Updated: August 21, 2019 9:17:08 am
Barraged with criticism and complaints over the large number of potholes that have popped up across the city this monsoon, the Pune Municipal Corporation (PMC) has claimed that the number of potholes on city roads is barely over 3,500, and most of them have been repaired.
After the issue was raised by corporator Rafiq Sheikh in the PMC general body meeting, the civic administration, in a written reply, said a total of 3,532 potholes were reported till the end of July, and most of them have been repaired. The maximum number of potholes — 814 — was reported in the jurisdiction of Hadapsar-Mundhwa ward office, while Dhole-Patil ward office area had the fewest potholes — 25.
The civic body said a total of 2,611 potholes were repaired in June and July, and it spent over Rs 52 lakh for the repair work. But, said the PMC, more potholes surfaced all over the city due to heavy rain in the first week of August.
The PMC has an online facility where local residents can register their complaints. While as many as 5,785 complaints have been registered on road conditions, not all of them are about potholes. The civic body also received complaints about dumping of debris, damaged stormwater drains and damaged footpaths.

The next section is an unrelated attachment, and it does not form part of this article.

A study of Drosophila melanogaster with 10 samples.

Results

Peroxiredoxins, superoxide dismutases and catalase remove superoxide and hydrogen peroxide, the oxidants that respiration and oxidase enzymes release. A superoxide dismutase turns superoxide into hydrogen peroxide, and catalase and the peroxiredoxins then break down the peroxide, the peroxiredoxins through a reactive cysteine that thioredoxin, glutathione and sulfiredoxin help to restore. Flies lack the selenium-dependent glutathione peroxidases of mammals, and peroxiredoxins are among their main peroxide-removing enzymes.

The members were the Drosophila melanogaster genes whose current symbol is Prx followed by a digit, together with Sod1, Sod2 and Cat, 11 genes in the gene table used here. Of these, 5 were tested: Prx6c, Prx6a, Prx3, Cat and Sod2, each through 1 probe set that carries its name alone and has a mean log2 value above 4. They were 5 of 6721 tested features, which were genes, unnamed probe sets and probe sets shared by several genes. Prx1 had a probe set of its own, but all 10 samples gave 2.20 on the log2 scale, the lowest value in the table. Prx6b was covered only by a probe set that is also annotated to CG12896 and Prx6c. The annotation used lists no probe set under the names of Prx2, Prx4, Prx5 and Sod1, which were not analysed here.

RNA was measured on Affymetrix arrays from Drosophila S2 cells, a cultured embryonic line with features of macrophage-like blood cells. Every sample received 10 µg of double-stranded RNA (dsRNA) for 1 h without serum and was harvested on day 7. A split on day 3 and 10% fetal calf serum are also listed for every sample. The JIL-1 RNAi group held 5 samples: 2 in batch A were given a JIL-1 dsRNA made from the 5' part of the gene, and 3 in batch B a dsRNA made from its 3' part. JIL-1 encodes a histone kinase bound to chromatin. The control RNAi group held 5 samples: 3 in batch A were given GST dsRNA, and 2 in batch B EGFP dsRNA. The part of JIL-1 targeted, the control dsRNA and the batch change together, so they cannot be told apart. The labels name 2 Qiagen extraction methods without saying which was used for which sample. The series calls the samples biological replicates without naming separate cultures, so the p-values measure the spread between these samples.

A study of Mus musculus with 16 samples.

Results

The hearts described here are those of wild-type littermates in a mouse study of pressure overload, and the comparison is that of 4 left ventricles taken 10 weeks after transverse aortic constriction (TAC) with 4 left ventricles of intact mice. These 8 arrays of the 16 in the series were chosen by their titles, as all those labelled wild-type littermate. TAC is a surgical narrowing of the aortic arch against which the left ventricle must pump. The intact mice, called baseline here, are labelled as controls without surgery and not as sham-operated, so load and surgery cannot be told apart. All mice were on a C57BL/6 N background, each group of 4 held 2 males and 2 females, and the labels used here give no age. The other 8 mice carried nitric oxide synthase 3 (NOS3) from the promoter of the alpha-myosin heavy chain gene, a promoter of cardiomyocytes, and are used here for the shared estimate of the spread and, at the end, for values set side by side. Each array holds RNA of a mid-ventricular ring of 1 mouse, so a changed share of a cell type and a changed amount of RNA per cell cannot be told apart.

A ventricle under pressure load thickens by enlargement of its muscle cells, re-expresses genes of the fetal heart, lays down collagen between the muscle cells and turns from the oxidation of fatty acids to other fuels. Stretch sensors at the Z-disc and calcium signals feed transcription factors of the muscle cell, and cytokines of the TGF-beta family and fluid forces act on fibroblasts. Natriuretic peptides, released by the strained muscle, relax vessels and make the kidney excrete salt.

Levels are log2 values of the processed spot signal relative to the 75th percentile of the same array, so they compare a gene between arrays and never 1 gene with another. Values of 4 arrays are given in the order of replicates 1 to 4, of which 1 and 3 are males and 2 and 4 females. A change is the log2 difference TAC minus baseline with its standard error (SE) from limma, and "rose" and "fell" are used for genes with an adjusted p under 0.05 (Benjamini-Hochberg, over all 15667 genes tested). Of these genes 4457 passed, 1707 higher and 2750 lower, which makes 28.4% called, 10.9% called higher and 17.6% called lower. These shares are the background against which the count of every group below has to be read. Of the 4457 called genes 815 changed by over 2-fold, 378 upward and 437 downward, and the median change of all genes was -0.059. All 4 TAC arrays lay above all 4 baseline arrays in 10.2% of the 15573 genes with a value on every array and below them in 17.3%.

The civic body said it has spent Rs 6.88 crore on repairing city roads in the last five years.
PMC to carry out repair work, no water supply in city tomorrow
Water supply across Pune will be cut off on Thursday as the Pune Municipal Corporation (PMC) has to carry out urgent maintenance and repair work at all its pumping and water purification units.
“There is need for urgent repair and maintenance work at Parvati water works, the raw water pumping station, Vadgaon water works, Cantonment water works, SNDT-Warje water works and the New Holkar pumping station. The water supply for the entire city will be cut off on Thursday,” said Sanjay More, public relations officer of PMC.
He said the water supply will be restored late on Friday so local residents may get low-pressure supply initially.
Back in June, the PMC had introduced water cuts due to the delayed arrival of monsoon. The supply was restored after heavy rainfall in August, and when it kept on raining, the Water Resource department had to release a large quantity of water from all the four dams near Pune — Khadakwasla, Panshet, Varasgaon and Temghar — after they were filled to their capacity. The dams are now 100 per cent full and have a total quantity of 29.15 TMC (one thousand million cubic feet) of water.